With the River and Dexter fires to the south, the Beckwourth Complex to the north east and the Dixie Fire to the north, smoke will settle into the area overnight. The nightly inversion, where colder air and smoke particles sink lower, brings a superfluous reminder that fire season is truly here.
Being woken up by the smell of smoke is a familiar experience for most Foothill residents. From the “new normal,” to “unprecedented,” fire season is a part of life, so is preparing for wildfire.
The smoke forecast for the area, courtesy of NWS.
The smoke forecast for the state, courtesy of NWS.
Any plume of smoke is, of course, a cause for concern. But, what if you only smell smoke? Here are a few tips:
First, look around
If you smell smoke, first make sure you are safe. Check your location for any visible smoke or flames. Step outside, look around the immediate vicinity. Do you see flames or smoke billowing nearby? Leave the area and call 911. Report what you see, give a precise location i.e. street address and a cross street. Especially if you are calling from a cell phone, make sure you give the dispatcher your city and address. If you see a column of smoke or flames while driving and you don’t see first responders on scene, pull over to a safe area before calling.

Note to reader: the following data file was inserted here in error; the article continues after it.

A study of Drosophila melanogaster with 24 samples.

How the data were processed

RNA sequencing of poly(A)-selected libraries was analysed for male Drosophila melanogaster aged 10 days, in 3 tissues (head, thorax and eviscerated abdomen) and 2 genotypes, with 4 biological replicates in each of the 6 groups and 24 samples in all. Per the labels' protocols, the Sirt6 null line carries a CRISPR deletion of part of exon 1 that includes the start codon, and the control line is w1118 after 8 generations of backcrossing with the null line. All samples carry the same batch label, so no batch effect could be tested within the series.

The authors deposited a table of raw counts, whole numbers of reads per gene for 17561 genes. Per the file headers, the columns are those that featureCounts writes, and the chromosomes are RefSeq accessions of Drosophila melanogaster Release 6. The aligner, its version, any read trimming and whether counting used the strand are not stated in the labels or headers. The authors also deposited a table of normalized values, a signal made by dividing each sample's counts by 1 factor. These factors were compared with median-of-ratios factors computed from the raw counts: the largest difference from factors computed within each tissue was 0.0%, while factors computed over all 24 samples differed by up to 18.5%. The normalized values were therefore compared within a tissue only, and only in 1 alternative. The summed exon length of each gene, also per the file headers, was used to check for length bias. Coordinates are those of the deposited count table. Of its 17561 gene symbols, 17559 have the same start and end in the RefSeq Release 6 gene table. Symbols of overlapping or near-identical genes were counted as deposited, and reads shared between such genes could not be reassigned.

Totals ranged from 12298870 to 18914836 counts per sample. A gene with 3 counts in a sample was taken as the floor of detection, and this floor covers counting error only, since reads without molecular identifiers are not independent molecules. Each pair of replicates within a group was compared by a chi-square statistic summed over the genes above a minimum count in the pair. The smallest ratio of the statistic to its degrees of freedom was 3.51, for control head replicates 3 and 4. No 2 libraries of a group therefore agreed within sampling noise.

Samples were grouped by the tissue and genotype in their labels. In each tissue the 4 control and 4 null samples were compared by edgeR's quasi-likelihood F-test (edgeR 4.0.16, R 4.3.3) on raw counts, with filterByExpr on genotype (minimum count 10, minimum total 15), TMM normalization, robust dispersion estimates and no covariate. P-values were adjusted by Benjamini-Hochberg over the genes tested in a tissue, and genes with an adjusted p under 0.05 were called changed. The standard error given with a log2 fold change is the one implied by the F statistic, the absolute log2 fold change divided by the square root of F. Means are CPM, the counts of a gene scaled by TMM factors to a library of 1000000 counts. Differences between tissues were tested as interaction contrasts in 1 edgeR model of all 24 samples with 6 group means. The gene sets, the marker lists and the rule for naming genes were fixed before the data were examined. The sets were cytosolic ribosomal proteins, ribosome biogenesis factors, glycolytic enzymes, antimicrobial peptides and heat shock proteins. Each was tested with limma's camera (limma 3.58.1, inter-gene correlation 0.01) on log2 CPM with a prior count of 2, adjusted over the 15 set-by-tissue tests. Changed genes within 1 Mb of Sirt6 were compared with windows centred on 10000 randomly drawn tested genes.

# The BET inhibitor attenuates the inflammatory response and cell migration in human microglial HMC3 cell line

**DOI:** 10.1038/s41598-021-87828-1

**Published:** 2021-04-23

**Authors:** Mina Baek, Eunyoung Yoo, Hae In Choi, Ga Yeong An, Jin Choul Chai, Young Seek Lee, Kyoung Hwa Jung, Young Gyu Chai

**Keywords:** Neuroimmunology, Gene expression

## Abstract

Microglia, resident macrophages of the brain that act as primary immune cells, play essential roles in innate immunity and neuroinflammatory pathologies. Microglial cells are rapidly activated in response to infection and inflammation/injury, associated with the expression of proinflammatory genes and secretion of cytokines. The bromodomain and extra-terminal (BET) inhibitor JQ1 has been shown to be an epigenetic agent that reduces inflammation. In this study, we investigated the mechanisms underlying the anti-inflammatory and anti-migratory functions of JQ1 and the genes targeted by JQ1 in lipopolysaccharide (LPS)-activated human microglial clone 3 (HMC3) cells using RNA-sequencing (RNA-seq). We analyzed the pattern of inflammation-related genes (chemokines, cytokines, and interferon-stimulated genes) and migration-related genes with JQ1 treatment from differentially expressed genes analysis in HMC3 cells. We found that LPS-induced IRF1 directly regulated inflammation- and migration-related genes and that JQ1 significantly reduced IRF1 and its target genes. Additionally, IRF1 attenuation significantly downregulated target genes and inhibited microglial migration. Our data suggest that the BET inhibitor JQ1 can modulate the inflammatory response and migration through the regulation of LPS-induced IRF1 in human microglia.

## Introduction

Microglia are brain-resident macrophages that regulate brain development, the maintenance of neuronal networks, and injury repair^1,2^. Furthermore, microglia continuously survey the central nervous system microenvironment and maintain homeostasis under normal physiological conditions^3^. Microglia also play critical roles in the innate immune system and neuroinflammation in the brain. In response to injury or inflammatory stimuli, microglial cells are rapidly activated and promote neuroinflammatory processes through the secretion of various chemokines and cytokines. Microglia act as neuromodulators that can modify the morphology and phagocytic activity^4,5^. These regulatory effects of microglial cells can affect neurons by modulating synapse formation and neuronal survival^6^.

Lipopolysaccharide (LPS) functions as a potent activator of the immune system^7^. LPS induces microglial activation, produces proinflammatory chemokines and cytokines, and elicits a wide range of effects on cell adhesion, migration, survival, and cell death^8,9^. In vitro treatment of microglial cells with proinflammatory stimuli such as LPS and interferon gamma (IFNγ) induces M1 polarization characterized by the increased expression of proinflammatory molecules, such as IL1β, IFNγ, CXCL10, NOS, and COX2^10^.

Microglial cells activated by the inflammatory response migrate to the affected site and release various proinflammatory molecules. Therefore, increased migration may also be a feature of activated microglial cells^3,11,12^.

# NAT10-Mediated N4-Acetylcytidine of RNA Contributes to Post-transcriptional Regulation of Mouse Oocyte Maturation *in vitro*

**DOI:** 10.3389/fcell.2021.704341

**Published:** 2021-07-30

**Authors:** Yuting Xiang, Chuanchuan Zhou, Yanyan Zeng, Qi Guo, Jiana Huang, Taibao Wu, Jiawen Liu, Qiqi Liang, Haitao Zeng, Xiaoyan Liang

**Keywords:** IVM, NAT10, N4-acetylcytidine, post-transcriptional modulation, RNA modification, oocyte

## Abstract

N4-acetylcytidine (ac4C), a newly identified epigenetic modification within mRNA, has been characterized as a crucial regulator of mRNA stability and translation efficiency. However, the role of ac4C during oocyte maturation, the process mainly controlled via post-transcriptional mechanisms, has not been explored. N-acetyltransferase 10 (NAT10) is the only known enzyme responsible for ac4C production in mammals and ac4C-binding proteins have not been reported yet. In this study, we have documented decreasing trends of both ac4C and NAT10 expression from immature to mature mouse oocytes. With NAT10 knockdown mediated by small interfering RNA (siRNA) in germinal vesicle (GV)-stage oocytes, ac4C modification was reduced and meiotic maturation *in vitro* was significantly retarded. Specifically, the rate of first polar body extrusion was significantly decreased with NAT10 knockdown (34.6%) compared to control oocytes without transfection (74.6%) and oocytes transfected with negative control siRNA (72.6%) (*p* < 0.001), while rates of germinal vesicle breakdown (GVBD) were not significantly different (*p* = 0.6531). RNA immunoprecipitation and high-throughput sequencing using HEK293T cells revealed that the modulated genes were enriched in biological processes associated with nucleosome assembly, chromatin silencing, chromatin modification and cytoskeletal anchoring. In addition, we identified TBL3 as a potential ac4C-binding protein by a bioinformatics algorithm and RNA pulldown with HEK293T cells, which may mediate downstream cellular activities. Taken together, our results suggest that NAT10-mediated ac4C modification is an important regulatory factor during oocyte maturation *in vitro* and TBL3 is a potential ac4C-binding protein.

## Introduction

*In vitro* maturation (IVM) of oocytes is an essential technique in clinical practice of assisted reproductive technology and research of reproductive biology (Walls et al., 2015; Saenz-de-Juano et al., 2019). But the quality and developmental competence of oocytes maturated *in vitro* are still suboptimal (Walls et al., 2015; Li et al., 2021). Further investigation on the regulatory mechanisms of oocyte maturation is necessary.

Use common sense
During business hours, call your local fire department or CAL FIRE or the Forest Service if you are concerned about an unusual smoke buildup. Do not call 911 if you cannot see a column or flames, it could overwhelm the system and cause emergency calls to have a delayed response.
During fire season, smoke is often a part of daily life. In the early morning hours, only a faint odor and a light haze may be noticeable. As the day goes by, temperatures heat up and the trapped smoke will start to rise, intensifying the smell and reducing visibility.
At night, a breeze can have smoke waft into your house, apply the same rules as above. Look around you, step outside and assess the situation.
More tips here: Explainer: I see smoke – now what?